By Edward Makuzva

The COVID-19 pandemic has brought major challenges to healthcare systems and public health policies globally. It requires novel treatment and prevention strategies to adapt to the impact of the pandemic.

With travel restrictions, people stayed indoors. With plenty idle time, a devil’s workshop manifested.

Individuals with substance user disorders (SUD) were at risk from psychosocial conditions.

The underserved communities have been disproportionately affected by the acute effects of substance misuse during the pandemic.

The disparity in the health outcomes among the various races has been attributed to the inequitable distribution of healthcare resources.

Moreover, social and economic changes caused by the pandemic, along with the traditional difficulties regarding treatment access and adherence—will certainly worsen during this period, therefore aggravating their condition. In addition, this population is potential vectors of transmission.

Addressing delegates at the 3rd Edition Harm Reduction Exchange 2023, Kenya, Dr Vivian Manyeki added that substance use increased in underserved communities, and there was a 23% rise in alcohol abuse and 16% in drug abuse among pre-pandemic users in underserved groups.

Dr Manyeki said that those with substance disorders at higher COVID risk People with pre-existing substance use disorders were more likely to get severely ill from COVID-19.

Dr Manyeki highlighted that more people used substances to cope, and over 10% of adults reported starting or increasing alcohol/drugs to deal with the pandemic.

“The COVID-19 pandemic has compounded the challenges faced by those who use drugs, impacting harm reduction services.

“While harm reduction services in Africa have expanded, major gaps remain in implementation and coverage. Stigma and policy barriers must be addressed to improve access to life-saving interventions, “Dr Manyeki explained.

In her presentation, Dr. Manyeki revealed that stigma around substance use has negative attitudes and discrimination against people
with substance use disorders creates barriers to treatment and recovery.

She added that lack of access to treatment where many people struggling with addiction are unable to access or afford evidence-based treatment programs.

Dr Manyeki said the overprescription of Opioids and widespread overprescription of opioid painkillers have contributed to the onset of the opioid epidemic.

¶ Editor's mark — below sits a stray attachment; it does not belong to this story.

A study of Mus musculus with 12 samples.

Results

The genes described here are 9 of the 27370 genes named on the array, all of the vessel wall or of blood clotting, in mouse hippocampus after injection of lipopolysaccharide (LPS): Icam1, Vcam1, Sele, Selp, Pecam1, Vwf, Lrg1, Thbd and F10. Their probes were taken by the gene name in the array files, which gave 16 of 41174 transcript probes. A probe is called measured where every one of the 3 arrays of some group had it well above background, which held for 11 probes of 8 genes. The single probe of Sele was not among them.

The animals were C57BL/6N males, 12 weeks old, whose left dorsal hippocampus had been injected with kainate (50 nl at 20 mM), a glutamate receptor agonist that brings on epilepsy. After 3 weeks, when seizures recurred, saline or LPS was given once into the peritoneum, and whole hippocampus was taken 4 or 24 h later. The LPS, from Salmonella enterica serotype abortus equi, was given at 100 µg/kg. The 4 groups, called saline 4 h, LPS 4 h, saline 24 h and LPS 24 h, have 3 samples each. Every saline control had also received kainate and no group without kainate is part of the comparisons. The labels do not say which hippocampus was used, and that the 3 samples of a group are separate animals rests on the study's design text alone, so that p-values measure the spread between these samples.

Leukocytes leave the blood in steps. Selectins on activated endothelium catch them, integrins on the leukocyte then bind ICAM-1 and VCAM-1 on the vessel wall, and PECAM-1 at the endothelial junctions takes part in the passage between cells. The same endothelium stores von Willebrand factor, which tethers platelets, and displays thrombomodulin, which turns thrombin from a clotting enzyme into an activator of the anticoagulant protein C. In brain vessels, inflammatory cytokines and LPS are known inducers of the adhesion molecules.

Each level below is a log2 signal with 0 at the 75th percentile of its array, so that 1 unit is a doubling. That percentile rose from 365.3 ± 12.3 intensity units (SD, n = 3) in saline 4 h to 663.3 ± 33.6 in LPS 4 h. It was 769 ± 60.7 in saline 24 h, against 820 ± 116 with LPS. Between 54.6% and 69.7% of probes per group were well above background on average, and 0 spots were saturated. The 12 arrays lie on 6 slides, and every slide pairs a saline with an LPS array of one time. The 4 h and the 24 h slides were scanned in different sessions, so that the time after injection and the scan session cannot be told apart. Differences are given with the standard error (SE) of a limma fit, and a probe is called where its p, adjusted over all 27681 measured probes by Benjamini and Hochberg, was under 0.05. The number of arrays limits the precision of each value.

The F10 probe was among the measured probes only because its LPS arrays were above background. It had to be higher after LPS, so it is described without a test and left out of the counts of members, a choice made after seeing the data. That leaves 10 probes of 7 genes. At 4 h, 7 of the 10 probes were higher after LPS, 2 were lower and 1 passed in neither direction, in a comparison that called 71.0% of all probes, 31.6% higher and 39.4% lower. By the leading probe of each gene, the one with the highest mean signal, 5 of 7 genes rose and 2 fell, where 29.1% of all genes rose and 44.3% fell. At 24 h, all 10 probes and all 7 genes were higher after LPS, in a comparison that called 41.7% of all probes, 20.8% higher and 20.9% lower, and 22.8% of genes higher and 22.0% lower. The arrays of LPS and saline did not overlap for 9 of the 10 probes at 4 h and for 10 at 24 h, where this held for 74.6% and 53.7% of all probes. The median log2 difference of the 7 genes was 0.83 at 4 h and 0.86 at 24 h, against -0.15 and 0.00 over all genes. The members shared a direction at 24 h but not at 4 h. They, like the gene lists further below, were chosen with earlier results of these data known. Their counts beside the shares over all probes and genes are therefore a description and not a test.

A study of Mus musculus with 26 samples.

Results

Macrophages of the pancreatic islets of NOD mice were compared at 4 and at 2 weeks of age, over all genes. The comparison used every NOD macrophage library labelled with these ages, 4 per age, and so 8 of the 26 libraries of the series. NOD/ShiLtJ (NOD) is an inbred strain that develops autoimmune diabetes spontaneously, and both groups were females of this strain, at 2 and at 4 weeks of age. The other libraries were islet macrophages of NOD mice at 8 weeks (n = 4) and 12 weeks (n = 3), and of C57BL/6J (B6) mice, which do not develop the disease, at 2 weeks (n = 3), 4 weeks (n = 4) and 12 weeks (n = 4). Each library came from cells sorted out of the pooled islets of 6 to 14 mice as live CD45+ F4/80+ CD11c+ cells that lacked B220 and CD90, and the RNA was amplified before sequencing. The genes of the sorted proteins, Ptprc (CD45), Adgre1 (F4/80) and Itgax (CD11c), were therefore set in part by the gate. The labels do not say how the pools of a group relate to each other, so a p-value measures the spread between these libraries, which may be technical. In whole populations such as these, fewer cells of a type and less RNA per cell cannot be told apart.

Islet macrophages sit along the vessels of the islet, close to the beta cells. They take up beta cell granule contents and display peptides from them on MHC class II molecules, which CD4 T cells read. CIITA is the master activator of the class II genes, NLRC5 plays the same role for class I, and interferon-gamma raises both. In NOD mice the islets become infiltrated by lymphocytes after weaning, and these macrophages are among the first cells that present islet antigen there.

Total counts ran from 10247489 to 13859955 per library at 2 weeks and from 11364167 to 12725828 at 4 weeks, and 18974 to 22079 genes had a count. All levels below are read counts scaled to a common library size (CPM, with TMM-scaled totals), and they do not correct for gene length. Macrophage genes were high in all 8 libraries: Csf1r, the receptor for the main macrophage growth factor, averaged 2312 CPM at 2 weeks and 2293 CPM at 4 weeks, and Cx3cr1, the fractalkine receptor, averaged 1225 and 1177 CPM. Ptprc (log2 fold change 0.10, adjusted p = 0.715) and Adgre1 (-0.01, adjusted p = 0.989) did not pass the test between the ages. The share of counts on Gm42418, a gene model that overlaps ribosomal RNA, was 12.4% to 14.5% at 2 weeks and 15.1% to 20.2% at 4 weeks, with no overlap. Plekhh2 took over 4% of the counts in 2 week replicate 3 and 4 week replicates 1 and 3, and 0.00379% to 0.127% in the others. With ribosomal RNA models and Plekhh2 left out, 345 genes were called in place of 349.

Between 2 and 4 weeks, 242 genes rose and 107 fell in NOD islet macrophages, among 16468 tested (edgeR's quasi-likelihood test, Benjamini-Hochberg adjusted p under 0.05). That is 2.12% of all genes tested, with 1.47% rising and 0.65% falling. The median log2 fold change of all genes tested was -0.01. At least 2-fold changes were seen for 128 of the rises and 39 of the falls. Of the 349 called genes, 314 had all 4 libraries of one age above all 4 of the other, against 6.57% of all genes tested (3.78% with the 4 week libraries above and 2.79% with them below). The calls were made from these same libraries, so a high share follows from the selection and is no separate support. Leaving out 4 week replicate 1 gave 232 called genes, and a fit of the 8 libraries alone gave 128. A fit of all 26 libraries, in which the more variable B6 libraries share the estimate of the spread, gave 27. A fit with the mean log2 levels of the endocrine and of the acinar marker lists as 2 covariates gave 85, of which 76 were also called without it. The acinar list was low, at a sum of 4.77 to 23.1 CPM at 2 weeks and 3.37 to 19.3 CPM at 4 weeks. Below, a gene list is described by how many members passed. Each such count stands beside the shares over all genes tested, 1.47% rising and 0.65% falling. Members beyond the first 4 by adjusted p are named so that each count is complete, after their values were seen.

Across the world, harm reduction strategies have been deployed in public health as a pragmatic and compassionate approach to address various issues, particularly in the context of substance use and other risky behaviors. Some of these strategies include Needle Exchange Programs, supervised injection sites, condom distribution, PrEP (Pre-Exposure Prophylaxis), Nicotine Replacement Therapy (NRT), Vaping and E-Cigarettes, and supervised consumption of medications.

The third annual Harm Reduction Exchange was run under the theme: ‘Amplifying the voice of Harm Reduction advocacy across Africa’.

A recent UNICEF Zimbabwe Mental Health Poll for Adolescents and Youths showed that 76 per cent of those surveyed were of the view that the mental health of children and adolescents had been negatively affected by the outbreak of COVID-19 and the hard national lockdowns that followed.

A lot of young people could not cope with seeing their parents struggle to make ends meet during the prolonged school breaks, and this drove many into substance abuse and sexual activities, the survey says.

There was also a rise in cases of physical and sexual abuse in homes, which affected the mental well-being of young people.

Statistics compiled in 2021 by the Zimbabwe Civil Liberties and Drug Network revealed that 60 percent of psychiatric admissions were due to drug abuse. Eighty percent of these were people aged 16 to 25, including schoolgirls.

“As it stands, 60 percent of patients admitted to mental institutions suffer due to drug and substance abuse-related problems,” the document noted.
With youths from poor resources families not able to be admitted in private institutions, the asking price of US$400 or more a week is a deterrent.

Last year, 17 youths from Entumbane suburb in Bulawayo, Zimbabwe, were rushed to Ingutsheni Central Hospital after overdosing on crystal methamphetamine (meth known as mutoriro locally), as the drug menace among young people escalates.

Ingutsheni Central Hospital Chief Executive Officer, Dr Nemache Mawere confirmed that 17 youths were recently admitted to the institution.

“I don’t know if we will ever win the battle against crystal meth because it’s just beyond us. We admitted 17 youths from Entumbane who had overdosed,” he said.

“We are using the majority of our resources to intervene, but it’s clear that we are losing because no matter how much we try to rehabilitate users, they always relapse.”

The rate at which youths are abusing drugs has grown considerably with residents attributing that to the Covid-19 pandemic lockdown. About 250 drug addicts are attended to at Ingutsheni Central Hospital monthly, with the number of youths abusing drugs continuing to rise in Bulawayo.

Mutoriro is a low-end drug used. It is attained from light bulbs.
Youths now use anything from used diapers, battery substances, and fermenting food can give the desired effect to get high.
It is this in mind that harm reduction is a necessary measure to be taken on board.